After leaving Athens, Paul moved onto Corinth, where Silas and Timothy would eventually meet him. While there, he once again began teaching n the synagogue. He quickly became acquainted with a man named Aquila and his wife, Priscilla who had been forced to leave Italy because of the decree of Emperor Claudius, banning all Jews from the region. Since all three of them were tentmakers, Paul worked with Aquila and Priscilla, remaining in Corinth for a year and a half.
After some time, the synagogue had heard enough of Paul’s teaching, and rejected it; Paul also had had enough of the synagogue as it turns out. Yet even so, some there had received his message, including the synagogue leader, and a fledgling church began in the city. Paul now turned his full attention to proclaiming the good news to gentiles.
At some point in this process, Paul had an interesting vision from the Lord:
One night the Lord spoke to Paul in a vision: “Do not be afraid; keep on speaking, do not be silent. For I am with you, and no one is going to attack and harm you, because I have many people in this city.” So Paul stayed in Corinth for a year and a half, teaching them the word of God. (18:9-11)
Some time later, probably many months later, after Paul had obeyed the Lord’s instructions, an incident arose:
While Gallio was proconsul of Achaia, the Jews of Corinth made a united attack on Paul and brought him to the place of judgment. “This man,” they charged, “is persuading the people to worship God in ways contrary to the law.” (18:12-13)
In the verses that follow, we see something unusual take place, for the proconsul Gallio has no interest in the matter, since it concerned Jewish law, and essentially told the Jewish leaders to take a hike; Paul was free to go. The crowd that had been ginned up by the synagogue leadership then turned on the synagogue leader, beating him right in front of the proconsul, who did nothing whatsoever to stop them.
God had important work for Paul and the others to do in Corinth, which was a vitally important city in those days. Paul had been faithful to the Lord’s command, and the Lord had seen to it that Paul’s work would continue, and had dealt with those who had attempted to interfere. Once again, there is an important lesson for us with regard to whom it is that is actually in control of events.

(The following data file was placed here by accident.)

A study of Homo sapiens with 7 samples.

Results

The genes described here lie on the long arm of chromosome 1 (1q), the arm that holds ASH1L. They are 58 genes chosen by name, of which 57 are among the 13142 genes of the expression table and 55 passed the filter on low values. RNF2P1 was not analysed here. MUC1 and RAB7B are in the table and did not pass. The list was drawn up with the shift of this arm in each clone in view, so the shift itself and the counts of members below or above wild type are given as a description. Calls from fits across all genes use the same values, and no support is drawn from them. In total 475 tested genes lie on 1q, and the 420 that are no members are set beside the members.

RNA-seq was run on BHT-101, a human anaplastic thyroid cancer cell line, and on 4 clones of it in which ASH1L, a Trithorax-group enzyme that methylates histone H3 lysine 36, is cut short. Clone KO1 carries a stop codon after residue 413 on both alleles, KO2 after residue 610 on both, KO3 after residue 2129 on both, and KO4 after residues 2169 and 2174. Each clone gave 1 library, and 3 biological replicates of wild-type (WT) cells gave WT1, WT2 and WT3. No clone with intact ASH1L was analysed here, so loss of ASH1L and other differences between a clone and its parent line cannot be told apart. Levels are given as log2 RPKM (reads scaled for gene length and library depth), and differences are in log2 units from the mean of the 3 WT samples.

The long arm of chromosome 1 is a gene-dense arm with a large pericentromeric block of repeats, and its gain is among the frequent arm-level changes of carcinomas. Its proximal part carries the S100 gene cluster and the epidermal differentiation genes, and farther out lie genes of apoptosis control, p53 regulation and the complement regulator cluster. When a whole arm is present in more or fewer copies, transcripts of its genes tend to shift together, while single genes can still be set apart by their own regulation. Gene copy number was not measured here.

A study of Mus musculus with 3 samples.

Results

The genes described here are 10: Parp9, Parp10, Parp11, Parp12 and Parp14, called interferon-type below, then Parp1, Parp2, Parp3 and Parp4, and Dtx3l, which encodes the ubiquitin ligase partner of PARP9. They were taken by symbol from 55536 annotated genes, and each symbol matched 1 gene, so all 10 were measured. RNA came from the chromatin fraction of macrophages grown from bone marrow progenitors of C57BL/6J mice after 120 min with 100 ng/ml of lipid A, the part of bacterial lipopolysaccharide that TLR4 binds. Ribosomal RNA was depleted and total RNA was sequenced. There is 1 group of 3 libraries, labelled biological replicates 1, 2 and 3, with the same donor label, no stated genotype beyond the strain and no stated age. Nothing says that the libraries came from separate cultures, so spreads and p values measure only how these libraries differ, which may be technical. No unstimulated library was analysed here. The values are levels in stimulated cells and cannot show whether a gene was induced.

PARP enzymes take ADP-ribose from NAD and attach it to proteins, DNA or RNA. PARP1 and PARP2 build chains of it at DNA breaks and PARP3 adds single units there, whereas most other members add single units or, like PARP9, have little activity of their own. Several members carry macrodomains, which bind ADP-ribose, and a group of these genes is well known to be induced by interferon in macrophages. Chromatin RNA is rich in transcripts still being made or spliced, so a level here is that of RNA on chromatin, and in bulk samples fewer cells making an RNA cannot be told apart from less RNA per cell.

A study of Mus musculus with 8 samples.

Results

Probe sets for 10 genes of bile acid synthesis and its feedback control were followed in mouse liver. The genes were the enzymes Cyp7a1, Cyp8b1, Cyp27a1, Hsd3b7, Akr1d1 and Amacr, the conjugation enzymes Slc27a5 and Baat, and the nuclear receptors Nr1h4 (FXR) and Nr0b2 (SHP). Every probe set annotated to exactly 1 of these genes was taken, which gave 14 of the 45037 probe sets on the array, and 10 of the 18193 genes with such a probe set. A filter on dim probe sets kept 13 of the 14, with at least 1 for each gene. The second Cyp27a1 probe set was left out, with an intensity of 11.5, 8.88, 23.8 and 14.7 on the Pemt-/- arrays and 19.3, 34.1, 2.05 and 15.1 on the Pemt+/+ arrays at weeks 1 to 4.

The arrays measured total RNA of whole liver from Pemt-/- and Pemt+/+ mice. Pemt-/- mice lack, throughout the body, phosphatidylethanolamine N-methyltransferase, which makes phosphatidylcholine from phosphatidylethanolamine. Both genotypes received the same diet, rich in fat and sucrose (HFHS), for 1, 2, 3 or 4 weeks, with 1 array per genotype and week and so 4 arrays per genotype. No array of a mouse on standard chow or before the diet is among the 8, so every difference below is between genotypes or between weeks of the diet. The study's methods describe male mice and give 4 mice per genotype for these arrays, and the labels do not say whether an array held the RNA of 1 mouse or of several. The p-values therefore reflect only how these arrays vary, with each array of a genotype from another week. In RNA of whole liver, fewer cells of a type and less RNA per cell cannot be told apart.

God is most notable in Scripture for His restraint; He doesn’t throw His weight around as a rule, preferring for reasons entirely of His own to allow a certain leeway for men and spiritual opponents to exercise freewill. However, when His eternal purpose is being threatened, He steps in. Although it is difficult for many of us today to wrap our brains around it, sometimes He steps in and exercises His judgment, as in this case. We might say that this cannot be, for God is love and He would never act in a way that isn’t “nice”, but this is a rather naive view in my opinion, for love isn’t the same thing as “nice”. God’s love is unlimited, and His purpose is loving indeed, since it is all about forgiveness and the gift of eternal life in fellowship with God in His everlasting love. However, there is a line that must not be crossed in this model, for if a man rejects God’s grace and seeks to prevent salvation and grace coming to others, he will discover that he is dealing with a God of justice, who will not permit him to deprive others of God’s loving grace. Thus, the new synagogue leader learned a valuable lesson that day about messing around with God’s purpose… I wonder if he lived to tell the tale; Luke does not say.